Stark racial disparities remain as police use-of-force rate rises

When Minneapolis police use force against someone, such as the kind of restraint that led to George Floyd's death, it's most often against black men and occurring in the city's most diverse neighborhoods.

The police department's own publicly published data shows about 60 percent of use-of-force incidents since 2008 were against black people.

It also shows that, after a decade of falling, the share of police incidents involving some form of force has increased in the past three years.

Floyd died May 25 after former Minneapolis officer Derek Chauvin pinned him down with his knee into Floyd's neck. It's not clear if that incident would be considered a neck restraint or a body pinning tactic, which is the most common form of force used by Minneapolis police.

Of at least 195 people who have died in encounters with police throughout Minnesota since 2000, only nine were the result of some type of physical restraint. Five involved the Minneapolis Police Department.

A request for comment from the department was not returned.

Force use rises, neck restraint declines

The past two years, and through 2020 so far, police use-of-force rates have been rising in Minneapolis, reversing several years of declines.

These higher rates are mostly swayed by totals of annual citywide police calls, which data show have been significantly falling, while force use incidents have stayed steadier.

And while the use of neck restraints has become a lower share of incidents, officers still used the tactic about 430 times since 2012, with 49 incidents last year alone. In 68 cases, the individual lost consciousness. More than half of people in neck restraint incidents were black.

Neck restraints overall are an unusual application of force for Minneapolis police, who more often use other types of body weight pins.

Racial disparities remain

Police data show high rates of force disparately used against black people, who comprise nearly two-thirds of individuals in those cases.

This is despite black people only representing about 20 percent of Minneapolis and 47 percent of convictions in city crimes from 2008 to 2018.

Calls about a suspicious person are often the initial encounter leading to a force use incident. Only 8 percent of suspicious person calls are received via 911 – compared to about 41 percent for force incidents overall – and overwhelmingly target black men.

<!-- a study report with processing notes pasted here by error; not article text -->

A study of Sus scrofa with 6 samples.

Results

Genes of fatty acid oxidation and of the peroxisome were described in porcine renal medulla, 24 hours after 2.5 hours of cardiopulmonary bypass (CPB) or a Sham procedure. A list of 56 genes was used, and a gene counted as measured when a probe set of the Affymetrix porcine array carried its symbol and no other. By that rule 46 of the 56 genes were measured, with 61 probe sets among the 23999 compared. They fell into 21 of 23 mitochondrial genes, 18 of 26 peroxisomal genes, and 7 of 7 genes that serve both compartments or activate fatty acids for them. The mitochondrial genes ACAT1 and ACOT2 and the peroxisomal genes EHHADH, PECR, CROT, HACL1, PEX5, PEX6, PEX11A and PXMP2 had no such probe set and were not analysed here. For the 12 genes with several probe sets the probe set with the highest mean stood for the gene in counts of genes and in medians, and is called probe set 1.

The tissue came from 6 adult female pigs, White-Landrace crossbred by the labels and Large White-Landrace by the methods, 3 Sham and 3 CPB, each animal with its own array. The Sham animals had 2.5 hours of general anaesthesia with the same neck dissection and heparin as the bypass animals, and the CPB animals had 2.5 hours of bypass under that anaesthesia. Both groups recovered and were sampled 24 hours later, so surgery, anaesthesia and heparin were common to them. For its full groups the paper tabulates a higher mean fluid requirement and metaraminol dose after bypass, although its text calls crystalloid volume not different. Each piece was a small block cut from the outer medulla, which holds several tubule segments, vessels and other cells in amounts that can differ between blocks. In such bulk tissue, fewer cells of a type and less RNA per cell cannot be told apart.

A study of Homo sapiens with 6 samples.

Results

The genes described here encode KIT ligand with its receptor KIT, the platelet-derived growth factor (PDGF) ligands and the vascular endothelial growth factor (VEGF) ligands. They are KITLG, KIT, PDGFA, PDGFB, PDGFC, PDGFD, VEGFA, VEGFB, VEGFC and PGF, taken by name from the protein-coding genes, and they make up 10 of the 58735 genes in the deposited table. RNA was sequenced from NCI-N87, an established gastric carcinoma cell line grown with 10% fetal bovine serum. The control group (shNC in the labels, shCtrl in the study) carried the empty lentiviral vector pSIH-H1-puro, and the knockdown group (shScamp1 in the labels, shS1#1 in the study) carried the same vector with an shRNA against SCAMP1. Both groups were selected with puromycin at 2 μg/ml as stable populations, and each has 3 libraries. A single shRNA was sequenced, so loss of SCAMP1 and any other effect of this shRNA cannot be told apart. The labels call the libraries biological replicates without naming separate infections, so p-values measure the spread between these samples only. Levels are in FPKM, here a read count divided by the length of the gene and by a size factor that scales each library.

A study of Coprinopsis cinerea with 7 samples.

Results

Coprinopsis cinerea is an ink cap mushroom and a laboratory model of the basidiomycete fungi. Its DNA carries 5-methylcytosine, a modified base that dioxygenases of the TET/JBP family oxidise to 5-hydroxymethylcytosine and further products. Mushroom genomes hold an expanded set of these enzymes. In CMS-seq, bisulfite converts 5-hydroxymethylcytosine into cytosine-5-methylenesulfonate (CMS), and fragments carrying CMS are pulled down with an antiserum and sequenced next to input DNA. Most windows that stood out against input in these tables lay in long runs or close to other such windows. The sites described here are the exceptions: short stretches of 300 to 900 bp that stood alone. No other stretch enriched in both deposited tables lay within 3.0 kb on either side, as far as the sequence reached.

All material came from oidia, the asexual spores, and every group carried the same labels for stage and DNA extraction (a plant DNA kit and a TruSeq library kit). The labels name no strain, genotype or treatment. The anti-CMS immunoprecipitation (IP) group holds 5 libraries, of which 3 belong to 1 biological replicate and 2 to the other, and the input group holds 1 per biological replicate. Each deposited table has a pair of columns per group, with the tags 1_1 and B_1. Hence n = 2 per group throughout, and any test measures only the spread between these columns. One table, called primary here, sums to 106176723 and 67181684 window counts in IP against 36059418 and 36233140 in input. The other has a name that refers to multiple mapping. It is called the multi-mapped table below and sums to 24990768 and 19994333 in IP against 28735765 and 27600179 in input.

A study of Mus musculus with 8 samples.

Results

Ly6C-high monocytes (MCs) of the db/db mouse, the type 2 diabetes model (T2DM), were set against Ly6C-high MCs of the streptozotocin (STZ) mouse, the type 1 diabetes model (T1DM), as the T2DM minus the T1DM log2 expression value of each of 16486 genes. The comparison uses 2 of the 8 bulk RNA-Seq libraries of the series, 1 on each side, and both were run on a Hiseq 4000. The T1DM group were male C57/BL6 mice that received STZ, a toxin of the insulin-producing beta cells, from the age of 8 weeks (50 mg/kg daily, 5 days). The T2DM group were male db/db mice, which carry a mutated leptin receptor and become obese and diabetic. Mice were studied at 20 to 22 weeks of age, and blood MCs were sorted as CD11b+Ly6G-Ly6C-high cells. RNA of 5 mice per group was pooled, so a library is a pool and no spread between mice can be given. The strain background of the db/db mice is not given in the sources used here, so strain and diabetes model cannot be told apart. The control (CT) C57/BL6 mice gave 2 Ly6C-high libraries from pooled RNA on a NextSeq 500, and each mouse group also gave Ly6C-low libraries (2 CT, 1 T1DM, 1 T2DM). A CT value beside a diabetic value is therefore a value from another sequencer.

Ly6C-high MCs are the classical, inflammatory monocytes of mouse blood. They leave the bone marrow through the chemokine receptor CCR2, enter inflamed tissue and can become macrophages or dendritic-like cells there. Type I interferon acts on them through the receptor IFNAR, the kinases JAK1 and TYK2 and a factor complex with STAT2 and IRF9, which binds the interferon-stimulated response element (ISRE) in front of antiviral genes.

A U.S. Department of Justice study using data spanning 2002 to 2011 found that 3.5 percent of black people experienced nonfatal force during their most recent police encounter, more than twice the rate of white people.

Force use is unevenly distributed

These incidents are also most likely to occur in the city’s most diverse neighborhoods in central, north and Midtown Minneapolis.

In pre-pandemic times, Downtown West in the First Precinct often had the highest concentration of police force use reports, due in part to being a major event and weekend destination.

Outside of Downtown, North Side neighborhoods in the Fourth Precinct, where Jamar Clark was killed by police in 2015, and Third Precinct on the South Side, where Floyd died, make up nearly half of all police use-of-force incidents combined.

Use-of-force reports by neighborhood, 2008-2020
MPD precinct
fatal police shooting
nonfatal police shooting

Officer-involved shootings and other fatal police encounters follow similar geographic and demographic trends as the use-of-force overall.

A separate publicly available police database shows that most of the 81 officer-involved shootings since 2008, both fatal and nonfatal, occured in these areas. Of those shot, 47 were black and 13 were white.

And a Star Tribune analysis of death records shows at least 34 people have died in fatal Minneapolis police encounters the past two decades, and 22 of them were black, including Thurman Blevins within the Fourth Precinct in 2018. Five were white, including Justine Ruszczyk Damond, who died in the Fifth Precinct in 2017.

Both the North Side and Midtown areas have among the highest percentages of nonwhite residents in Minneapolis. The Second and Fifth precincts, in Northeast and Southwest Minneapolis, are the whitest.